Airbus firm orders from all lessors for the first ten months of 2014 have outpaced those of Boeing, but so far Asian lessor orders are about in line with 2012 levels at Airbus. Boeing meanwhile is accruing an increase in direct, disclosed orders from Asian lessors. Asia holds the single largest order backlog of commercial aircraft, with 3,517 according to CAPA's Fleet Database.
Opportunities within Asia could be mixed, although airline behaviour is changing: Chinese carriers are giving preference to Chinese lessors while Korean Air has only 17% of its fleet leased compared to 39% at Singapore Airlines and 67% at Qantas.
Virgin America will be well pleased with its timing in accessing the public markets as airline stocks are currying favour with investors after consistent capacity discipline and lower fuel prices have drawn attention to airline stocks, driving up the sector’s performance during CY2014.
The airline is enjoying a trading price well above expectations after recording a profit for 3Q2014 and the 9M ending Sep-2014, setting the stage for its second consecutive year of profitability. Much of Virgin America’s recent financial success rests on capacity reductions and debt restructuring, so arguably the real test of its ability to generate profits is yet to unfold.
Virgin America becomes a newly traded public company at an interesting time in the US airline business as the completion of consolidation among the major airlines creates space for smaller airlines to fill gaps created by those mergers. It is not totally clear how Virgin America intends to position itself in the new environment, but it could scarcely have chosen a better time to be exploring new territory, much of it newly vacated.
Previous warnings by LATAM Airlines Group that reduced corporate demand during the FIFA World Cup soccer tournament would pressure 3Q2014 results came to fruition as the company posted net loss for the quarter.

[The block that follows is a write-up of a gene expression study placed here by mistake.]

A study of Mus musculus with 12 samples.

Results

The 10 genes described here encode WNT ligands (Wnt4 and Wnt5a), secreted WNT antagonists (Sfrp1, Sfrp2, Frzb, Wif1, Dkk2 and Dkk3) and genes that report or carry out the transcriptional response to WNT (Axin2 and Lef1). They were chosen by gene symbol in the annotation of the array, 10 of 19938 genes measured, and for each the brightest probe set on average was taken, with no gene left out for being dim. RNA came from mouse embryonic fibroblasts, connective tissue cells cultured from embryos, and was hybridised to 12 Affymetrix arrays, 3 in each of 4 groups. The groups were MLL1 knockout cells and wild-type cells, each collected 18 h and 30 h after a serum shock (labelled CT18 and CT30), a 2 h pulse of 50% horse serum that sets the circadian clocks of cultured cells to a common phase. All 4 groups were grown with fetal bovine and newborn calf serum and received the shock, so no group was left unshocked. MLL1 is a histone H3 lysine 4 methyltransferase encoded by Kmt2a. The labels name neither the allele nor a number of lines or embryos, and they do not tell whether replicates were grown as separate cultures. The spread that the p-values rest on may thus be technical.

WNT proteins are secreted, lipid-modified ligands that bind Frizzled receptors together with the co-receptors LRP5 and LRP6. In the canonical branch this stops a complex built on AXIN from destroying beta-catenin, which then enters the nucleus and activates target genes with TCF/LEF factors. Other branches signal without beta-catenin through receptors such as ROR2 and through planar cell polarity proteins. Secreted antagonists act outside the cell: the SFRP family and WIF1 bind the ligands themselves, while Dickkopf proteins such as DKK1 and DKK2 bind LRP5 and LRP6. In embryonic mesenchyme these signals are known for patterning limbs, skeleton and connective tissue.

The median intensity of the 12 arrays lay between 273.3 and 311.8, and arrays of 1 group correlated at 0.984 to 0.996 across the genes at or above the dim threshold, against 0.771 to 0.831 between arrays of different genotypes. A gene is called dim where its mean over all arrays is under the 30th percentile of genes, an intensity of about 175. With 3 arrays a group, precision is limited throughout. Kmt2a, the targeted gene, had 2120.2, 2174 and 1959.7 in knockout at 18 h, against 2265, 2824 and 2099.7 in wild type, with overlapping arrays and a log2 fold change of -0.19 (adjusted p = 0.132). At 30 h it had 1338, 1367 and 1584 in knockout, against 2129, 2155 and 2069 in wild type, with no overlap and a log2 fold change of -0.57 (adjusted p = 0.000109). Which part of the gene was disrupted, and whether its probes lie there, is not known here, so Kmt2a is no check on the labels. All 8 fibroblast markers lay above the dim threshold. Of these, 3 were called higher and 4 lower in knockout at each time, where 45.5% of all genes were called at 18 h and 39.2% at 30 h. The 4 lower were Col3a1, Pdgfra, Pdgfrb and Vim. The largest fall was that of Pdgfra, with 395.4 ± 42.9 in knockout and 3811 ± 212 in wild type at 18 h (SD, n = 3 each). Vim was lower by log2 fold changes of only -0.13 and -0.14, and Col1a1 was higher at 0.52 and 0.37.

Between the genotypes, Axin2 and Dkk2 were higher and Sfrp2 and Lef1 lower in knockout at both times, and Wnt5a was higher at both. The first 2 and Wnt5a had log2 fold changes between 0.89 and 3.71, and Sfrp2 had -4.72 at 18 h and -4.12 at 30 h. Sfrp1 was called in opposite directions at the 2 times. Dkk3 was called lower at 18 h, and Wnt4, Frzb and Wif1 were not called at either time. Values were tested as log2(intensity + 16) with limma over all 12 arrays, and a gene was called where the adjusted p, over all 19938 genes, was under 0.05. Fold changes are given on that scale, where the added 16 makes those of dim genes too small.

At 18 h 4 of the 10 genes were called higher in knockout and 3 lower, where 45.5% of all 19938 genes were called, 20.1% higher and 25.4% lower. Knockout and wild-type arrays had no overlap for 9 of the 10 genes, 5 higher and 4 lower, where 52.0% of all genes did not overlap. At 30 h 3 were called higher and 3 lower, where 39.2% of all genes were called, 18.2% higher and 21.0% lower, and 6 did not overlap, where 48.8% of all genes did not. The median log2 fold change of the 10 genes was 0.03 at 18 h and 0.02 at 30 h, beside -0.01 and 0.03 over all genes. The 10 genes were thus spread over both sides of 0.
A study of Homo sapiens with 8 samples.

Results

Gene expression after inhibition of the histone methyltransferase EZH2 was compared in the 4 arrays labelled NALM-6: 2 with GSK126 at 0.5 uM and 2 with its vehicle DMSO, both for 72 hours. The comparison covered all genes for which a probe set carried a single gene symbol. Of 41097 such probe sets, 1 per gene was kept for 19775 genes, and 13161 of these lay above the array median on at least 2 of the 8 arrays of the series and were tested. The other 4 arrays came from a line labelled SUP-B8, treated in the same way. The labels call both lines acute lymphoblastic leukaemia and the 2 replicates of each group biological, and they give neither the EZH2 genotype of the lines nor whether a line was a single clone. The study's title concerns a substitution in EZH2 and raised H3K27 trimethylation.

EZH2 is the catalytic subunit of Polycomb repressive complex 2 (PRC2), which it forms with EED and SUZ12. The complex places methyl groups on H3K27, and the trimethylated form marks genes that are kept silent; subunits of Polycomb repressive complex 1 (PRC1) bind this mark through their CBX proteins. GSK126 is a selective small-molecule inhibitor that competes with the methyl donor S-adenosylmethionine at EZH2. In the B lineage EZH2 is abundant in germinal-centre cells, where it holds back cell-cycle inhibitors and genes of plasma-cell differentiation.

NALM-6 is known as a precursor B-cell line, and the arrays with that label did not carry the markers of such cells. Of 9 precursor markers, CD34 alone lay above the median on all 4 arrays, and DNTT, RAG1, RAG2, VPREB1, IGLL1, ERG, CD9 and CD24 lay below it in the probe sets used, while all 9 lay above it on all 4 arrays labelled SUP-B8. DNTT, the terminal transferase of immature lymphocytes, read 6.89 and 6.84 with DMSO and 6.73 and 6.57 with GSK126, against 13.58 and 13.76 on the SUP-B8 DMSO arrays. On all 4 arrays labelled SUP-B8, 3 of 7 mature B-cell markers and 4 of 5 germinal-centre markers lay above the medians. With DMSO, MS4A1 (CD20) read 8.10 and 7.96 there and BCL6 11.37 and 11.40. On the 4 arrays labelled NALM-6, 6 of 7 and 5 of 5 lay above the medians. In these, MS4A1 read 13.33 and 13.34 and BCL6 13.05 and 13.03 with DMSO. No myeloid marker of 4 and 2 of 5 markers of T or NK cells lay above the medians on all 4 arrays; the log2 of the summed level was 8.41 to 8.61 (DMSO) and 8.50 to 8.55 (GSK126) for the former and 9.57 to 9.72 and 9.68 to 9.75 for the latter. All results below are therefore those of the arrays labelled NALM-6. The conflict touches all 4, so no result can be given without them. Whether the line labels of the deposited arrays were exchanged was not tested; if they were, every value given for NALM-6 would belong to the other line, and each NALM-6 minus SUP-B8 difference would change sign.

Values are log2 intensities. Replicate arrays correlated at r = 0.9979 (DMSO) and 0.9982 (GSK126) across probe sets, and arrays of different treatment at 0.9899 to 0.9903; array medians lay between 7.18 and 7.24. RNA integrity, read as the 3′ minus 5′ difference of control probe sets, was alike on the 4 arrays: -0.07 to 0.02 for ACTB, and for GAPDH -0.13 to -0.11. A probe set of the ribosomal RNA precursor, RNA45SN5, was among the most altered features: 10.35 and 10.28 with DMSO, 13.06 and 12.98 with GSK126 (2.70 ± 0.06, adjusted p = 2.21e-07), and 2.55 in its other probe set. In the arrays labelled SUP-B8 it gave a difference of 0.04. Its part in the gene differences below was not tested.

Other more familiar factors also dragged down the company’s results including an overall weak macroeconomic environment and currency devaluations that are eroding LATAM’s pricing traction.
Even as the macroeconomic weakness seems likely to persist into 2015, LATAM for now plans a system wide capacity growth of 2%-4%, which is an increase over its overall capacity projections for CY2014. LATAM’s planned expansion of supply next year is raising some eyebrows given the sluggish conditions it continues to face.
Two upstart ULCCs aiming to execute the model within Canada – Canada Jetlines and Jet Naked – have gone somewhat quiet since making a splash earlier in 2014 with their plans to interject a new level of competition within the Canadian market place.
Many airlines with similar plans have come and gone, leaving Air Canada and WestJet in a comfortable duopoly, that on paper, seems ripe for breaking.
But many of the market dynamics that have driven other Canadian start-ups out of business still exist, and the country’s tenuous economy could make it difficult for the new airlines to attract investors for what is still a risky business venture.
IAG and its CEO Willie Walsh are becoming increasingly confident. The group's new plan for 2016 to 2020 aims to achieve operating profit margins in the range 10% to 14%, with each of the operating airlines also reaching this level. To illustrate how ambitious this target is, IAG's 2013 margin was 4.1% and British Airways' cyclical peak margin was 10.0% in 2007/08, before the merger with Iberia. The latter did not record a margin in excess of 8% in the decade before the merger and has been in loss since, although it should be back in profit in 2014. Vueling, the most profitable of IAG's airlines, recorded a margin of 9.7% in 2013.
The achievement of this margin range would allow IAG to beat its cost of capital. This would be rare in an industry that typically destroys value, an unfortunate fact that Mr Walsh recognises. Nevertheless, he says, "we are in this business to exceed our cost of capital and to remunerate shareholders". He identifies the keys to IAG's future success as capacity discipline and cost discipline.
IAG's recent capital markets day set out what it sees as the key drivers of profit improvement.
Air Canada is planning to grow its CY2015 capacity at higher levels than most of its North American global airline peers as its new low-cost airline rouge has exceeded expectations, which is giving the airline confidence that the lower cost capacity it plans to introduce should help the company reach its medium term cost reduction targets.
The airline is not yet offering unit revenue or yield guidance for CY2015, but given that its focus during the past couple of years has been adding capacity into leisure markets, the decline in yields Air Canada has recorded throughout CY2014 are likely to carry over into CY2015.
As Air Canada prepares for a capacity push in CY2015, it continues to record a solid financial performance in CY2014, posting strong results in 3Q2014 despite falling yields and unit revenues.